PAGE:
Defense Ministry to invest heavily in AI in bid to improve intel on Iran

Director-General Eyal Zamir announces Depth Multi-Year Plan, and creation of robotics and AI body, as Tehran continues to enrich uranium

Lazar Berman is The Times of Israel's diplomatic reporter

Defense Ministry Director-General Eyal Zamir speaks at the 2023 Herzliya Conference, May 22, 2023  (Gilad Kavalerchik)
Defense Ministry Director-General Eyal Zamir speaks at the 2023 Herzliya Conference, May 22, 2023 (Gilad Kavalerchik)

Defense Ministry Director-General Eyal Zamir hinted on Monday that Iran would be the primary focus of Israel’s military force design in the coming years, announcing the ministry’s new “Depth Multi-Year Plan.”

A multi-year plan is the military’s guiding framework to investment and procurement, and reflects the primary threats Israel expects to face in the coming years. According to Zamir, the depth plan will feature a particular investment in artificial intelligence, which has the potential to drastically improve Israel’s intelligence and targeting against Iran.

“Our mission is to transform Israel into an AI powerhouse, similar to our role in cybertech,” he said in an address to the 2023 Herzliya Conference. “Israel is a cyberpower.”

In a not-so-subtle reference to Iran, Zamir explained that the term “depth” refers to the distance of military and intelligence operations from Israel’s borders, and said the plan is designed “to widen, broaden, and deepen our capabilities for the ranges of what is called the third circle.”

The “third circle” refers to the most distant of the direct threats facing Israel, the first circle being small terror groups within and on Israel’s borders, like Hamas; the second being larger threats, like the Syrian army and Hezbollah; and the third being countries that do not share a border with Israel, like Iran and Iraq.

A focus on the third circle points to a heavier investment in the air force and intelligence.

In this photo released by the US Air Force on May 2, 2023, airmen look at a GBU-57, or the Massive Ordnance Penetrator bomb, at Whiteman Air Base in Missouri (US Air Force via AP)

“Some define AI as the next revolution on the battlefield,” Zamir said, explaining the relevance to the IDF ground forces, which have taken a back seat in Israeli operations in recent decades.

“AI technologies will create many additional capabilities including the operation of platforms in groups and swarms and independently operated combat systems. These technologies will integrate into the battlefield and provide an advantage to those who know how to develop them and use them operationally.”

The Defense Ministry is creating a “dedicated organization focused on AI and robotics,” added Zamir, a former tank commander. “Both are related to each other, and together they are key to solving the emerging challenges around us. This organization will operate under the DDR&D, the leading body for defense research and development.”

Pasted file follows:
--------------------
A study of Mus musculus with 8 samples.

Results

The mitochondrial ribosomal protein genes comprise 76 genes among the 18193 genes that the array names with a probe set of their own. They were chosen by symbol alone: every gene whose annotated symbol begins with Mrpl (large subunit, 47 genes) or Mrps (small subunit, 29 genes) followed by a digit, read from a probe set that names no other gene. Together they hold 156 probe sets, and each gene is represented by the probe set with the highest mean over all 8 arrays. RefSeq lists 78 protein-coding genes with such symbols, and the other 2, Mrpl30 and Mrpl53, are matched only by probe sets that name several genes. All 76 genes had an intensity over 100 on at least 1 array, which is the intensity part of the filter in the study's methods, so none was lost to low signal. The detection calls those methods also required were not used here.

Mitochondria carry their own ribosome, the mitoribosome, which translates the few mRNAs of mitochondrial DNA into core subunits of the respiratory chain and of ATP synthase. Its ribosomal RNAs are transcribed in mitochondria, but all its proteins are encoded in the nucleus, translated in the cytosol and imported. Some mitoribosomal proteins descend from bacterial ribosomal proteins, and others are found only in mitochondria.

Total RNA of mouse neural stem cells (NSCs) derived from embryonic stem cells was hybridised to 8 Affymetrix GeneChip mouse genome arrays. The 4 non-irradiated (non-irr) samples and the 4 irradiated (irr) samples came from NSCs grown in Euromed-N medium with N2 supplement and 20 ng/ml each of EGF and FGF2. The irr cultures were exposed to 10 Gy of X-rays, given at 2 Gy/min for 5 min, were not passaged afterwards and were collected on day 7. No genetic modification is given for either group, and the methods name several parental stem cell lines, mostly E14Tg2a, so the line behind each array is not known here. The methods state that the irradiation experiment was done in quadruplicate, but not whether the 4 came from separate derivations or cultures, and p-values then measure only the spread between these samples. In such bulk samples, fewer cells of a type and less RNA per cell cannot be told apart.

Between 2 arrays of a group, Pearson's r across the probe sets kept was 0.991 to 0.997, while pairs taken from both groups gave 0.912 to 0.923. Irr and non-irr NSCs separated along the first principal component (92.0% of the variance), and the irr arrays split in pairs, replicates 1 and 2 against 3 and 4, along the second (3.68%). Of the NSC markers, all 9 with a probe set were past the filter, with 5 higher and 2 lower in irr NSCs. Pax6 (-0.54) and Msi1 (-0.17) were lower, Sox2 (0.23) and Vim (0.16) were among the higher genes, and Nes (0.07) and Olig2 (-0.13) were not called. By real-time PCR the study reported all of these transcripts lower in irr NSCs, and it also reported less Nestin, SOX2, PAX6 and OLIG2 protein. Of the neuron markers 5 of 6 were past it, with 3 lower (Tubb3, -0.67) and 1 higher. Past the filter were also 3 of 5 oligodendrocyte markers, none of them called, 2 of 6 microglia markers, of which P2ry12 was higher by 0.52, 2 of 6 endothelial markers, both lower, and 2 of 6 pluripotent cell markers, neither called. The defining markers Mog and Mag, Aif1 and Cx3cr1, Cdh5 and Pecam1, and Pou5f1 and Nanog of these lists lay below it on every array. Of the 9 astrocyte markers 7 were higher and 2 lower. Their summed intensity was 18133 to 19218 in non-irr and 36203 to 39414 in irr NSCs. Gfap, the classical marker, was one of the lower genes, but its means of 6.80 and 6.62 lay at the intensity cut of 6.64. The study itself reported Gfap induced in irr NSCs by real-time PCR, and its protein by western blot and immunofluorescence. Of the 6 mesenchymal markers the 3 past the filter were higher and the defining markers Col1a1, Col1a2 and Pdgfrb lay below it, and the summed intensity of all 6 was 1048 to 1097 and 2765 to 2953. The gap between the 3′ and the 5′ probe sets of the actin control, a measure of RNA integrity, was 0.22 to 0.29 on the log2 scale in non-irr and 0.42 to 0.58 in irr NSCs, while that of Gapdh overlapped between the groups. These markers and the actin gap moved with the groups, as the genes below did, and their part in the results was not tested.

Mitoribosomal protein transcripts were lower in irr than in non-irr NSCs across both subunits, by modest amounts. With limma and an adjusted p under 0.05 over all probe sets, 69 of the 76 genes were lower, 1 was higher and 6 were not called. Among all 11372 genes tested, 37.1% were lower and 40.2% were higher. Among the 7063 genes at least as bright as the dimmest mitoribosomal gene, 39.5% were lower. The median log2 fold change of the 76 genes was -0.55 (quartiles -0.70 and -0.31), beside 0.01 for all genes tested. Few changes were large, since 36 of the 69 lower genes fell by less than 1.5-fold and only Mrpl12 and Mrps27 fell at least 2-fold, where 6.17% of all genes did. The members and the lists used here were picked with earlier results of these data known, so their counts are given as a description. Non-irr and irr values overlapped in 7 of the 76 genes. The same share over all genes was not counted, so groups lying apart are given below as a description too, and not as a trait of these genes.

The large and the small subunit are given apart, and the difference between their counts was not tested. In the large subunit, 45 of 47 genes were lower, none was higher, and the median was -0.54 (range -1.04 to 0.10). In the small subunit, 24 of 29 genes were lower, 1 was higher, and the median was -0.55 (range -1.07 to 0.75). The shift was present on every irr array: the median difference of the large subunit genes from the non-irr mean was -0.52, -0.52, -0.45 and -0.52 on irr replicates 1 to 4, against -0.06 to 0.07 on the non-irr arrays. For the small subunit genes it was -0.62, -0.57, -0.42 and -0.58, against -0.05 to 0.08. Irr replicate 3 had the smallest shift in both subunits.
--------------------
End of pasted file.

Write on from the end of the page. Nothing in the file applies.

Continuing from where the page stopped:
Zamir also spoke about the newest layer in Israel’s rocket and missile defense: “The Iron Beam laser system is being developed at an impressive pace, and we will conduct another series of system tests soon. Following the tests, we will gradually begin to deploy the first system in the field to ensure protection against threats from different regions.”

The defense R&D budget will be increased to unprecedented levels this year, Zamir also announced, and will include investments in secure production lines that don’t depend on potentially hostile powers.

“The Defense Ministry has invested in preserving vital, strategic production for many years,” he said. “In an era of a global race for raw materials, we continue to work to ensure our independent capabilities.”

Zamir’s comments came as the Associated Press revealed that Iran is building a nuclear facility so deep in the earth that it is likely beyond the range of a last-ditch US weapon designed to destroy such sites.

Spokesman of the Atomic Energy Organization of Iran, Behrouz Kamalvandi, center, briefs the media while visiting the Fordo nuclear site near Qom, south of Tehran, Iran November 9, 2019. (Atomic Energy Organization of Iran via AP)

With Iran now producing uranium close to weapons-grade levels after the collapse of its nuclear deal with world powers, the installation complicates the West’s efforts to halt Tehran from potentially developing an atomic bomb as diplomacy over its nuclear program remains stalled.

US President Joe Biden and Prime Minister Benjamin Netanyahu have said they won’t allow Iran to build a nuclear weapon.

Named multi-year plans are used by the IDF, not the Defense Ministry, and the latest one may be an indication that the ministry intends to play a more active role in determining the direction of IDF force design.

The Associated Press contributed to this report.